Bob and Bing. Laurel and Hardy. Abbott and Costello.
Ever notice how the greats always come in pairs? We're not talking about the inferior species of Sidekickus Comedia, either - some schlub licking up the crumbs that fall from the master's comedic table. No! The funniest are always the true partners, who play off each others' strengths and weaknesses like Punch and Judy.
That's why the favorite radio personality this year is actually a twosome: Heather Brown and DC McGhee of Alice 107.7.
Together five years now (Heather was born and raised in Texas, while DC is a Cabot boy made good), Heather and DC's interesting brand of jawbonin' about their hang ups, families and day-to-day lives has made them a part of the morning routine for many in Central Arkansas. Though their viewpoints are often divided by the gulf of gender, they keep it light.
"So many times you go to work and you're afraid to tell people what's on your mind," DC said. "Or in my case, I've offended many people or made them uncomfortable because I say what's on my mind. Heather just laughs it off."
The day we visited, the pair was hip deep in what is often one of their most contentious and funny segments: "Relationship Wednesdays," where listeners call in for advice on everything from bisexual love triangles to their spouse's bathroom habits. It's old hat for Heather and DC. They say the laughter often heard from their studio can turn a bad morning into a good one, and not just for their listeners. A little over a year ago, DC's mother was diagnosed with breast cancer. He said the show helped him get through it. "Coming in here was almost like therapy for me," he said.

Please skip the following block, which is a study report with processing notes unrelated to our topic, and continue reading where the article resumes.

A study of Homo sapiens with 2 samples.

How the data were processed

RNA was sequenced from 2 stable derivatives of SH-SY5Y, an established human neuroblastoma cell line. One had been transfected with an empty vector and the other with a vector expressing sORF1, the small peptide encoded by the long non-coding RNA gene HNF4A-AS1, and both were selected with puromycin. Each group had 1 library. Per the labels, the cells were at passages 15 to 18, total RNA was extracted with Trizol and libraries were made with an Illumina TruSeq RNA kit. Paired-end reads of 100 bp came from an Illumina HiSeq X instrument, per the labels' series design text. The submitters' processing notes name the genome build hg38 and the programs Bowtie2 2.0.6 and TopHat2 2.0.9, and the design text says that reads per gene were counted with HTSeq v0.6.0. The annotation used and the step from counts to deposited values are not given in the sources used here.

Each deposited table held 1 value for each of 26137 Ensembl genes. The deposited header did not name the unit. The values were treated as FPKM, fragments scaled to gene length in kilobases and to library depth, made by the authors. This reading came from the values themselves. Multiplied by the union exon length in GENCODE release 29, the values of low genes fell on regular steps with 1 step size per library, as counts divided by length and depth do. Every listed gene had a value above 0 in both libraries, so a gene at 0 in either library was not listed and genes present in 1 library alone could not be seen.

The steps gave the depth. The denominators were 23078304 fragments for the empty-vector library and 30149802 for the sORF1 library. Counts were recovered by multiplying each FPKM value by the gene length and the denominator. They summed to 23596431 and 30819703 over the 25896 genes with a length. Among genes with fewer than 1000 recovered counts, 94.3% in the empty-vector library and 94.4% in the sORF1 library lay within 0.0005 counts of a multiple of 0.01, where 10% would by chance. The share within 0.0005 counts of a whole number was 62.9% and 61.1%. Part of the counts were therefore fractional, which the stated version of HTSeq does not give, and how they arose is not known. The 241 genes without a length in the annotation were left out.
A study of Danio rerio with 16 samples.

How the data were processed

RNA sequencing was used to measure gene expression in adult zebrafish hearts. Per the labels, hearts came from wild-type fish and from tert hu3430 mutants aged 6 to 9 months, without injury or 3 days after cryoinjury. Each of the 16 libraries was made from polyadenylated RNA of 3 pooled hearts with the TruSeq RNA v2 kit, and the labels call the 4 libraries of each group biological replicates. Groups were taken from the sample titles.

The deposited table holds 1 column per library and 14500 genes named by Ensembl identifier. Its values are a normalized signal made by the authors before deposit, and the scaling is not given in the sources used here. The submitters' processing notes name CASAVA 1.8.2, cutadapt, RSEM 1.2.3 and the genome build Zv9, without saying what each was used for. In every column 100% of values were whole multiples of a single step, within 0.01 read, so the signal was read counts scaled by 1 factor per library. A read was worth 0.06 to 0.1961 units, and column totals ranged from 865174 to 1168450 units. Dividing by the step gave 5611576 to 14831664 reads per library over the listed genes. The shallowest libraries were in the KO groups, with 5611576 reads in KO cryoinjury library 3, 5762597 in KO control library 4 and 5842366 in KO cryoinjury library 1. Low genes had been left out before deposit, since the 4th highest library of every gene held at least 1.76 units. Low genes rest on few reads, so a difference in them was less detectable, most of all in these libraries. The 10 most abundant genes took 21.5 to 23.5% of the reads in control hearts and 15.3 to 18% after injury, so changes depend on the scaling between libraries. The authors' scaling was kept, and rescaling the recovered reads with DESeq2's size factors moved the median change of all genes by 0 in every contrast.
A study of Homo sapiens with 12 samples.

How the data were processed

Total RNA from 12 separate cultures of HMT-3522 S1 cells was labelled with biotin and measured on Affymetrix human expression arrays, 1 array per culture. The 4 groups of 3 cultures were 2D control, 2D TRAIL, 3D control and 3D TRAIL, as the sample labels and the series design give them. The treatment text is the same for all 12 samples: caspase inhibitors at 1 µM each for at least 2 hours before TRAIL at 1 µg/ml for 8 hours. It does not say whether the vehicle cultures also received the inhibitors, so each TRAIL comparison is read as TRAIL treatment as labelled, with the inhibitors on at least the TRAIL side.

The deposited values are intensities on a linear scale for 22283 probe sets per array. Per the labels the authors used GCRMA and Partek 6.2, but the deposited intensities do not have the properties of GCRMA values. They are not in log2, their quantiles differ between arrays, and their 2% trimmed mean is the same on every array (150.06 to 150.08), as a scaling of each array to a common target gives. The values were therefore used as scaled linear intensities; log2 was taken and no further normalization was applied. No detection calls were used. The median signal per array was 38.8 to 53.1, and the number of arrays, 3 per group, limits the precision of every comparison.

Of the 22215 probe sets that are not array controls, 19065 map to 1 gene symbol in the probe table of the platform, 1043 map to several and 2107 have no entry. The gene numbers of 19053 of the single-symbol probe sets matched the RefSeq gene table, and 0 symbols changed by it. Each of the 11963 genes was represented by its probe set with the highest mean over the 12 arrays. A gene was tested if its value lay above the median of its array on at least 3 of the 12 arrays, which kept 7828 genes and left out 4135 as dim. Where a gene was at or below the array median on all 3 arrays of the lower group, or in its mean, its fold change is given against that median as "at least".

Asked why their show is successful, DC admits that he doesn't know if the show fits the definition of success. For him, it's just another day of good-natured arguing with a friend. To keep that spontaneity, nothing is scripted or rehearsed. With a few exceptions like "Relationship Wednesdays," they don't even discuss what they'll be talking about until they hit the air.
"We do a real show," DC said. "Everything we do should be relatable to just about anybody's life." Given that it's all just talk, Heather said she often finds it hard to believe that people want to hear more of it.
"What I really find surprising are the people who say to us, 'I hate it when you play music, I wish you'd just talk.,'" Heather said. "You'd think it'd be the other way around."
Are Little Rock's segregated neighborhoods the result of a conspiracy? You bet. City officials admitted as much during a school desegregation suit in the 1980s, the federal courts ruled that was in fact the case, and the federal appeals court upheld those findings. We're not talking grassy knolls or faked moon landings here; we're simply repeating the conclusions that the federal courts have reached based on the evidence.
Last week, Rep. Josh Miller, a Republican legislator from Heber Springs, spoke against the private option Medicaid expansion last week. He invoked FDR's New Deal — a "hand up," he said, not a "handout."
Scott Ellington, the prosecuting attorney for Arkansas's Second Judicial District, said in a recent interview that, "There are no ongoing investigations by governmental investigative authorities" concerning the West Memphis Three case. Ellington may be the only person on the planet who believes there is "closure" in my case.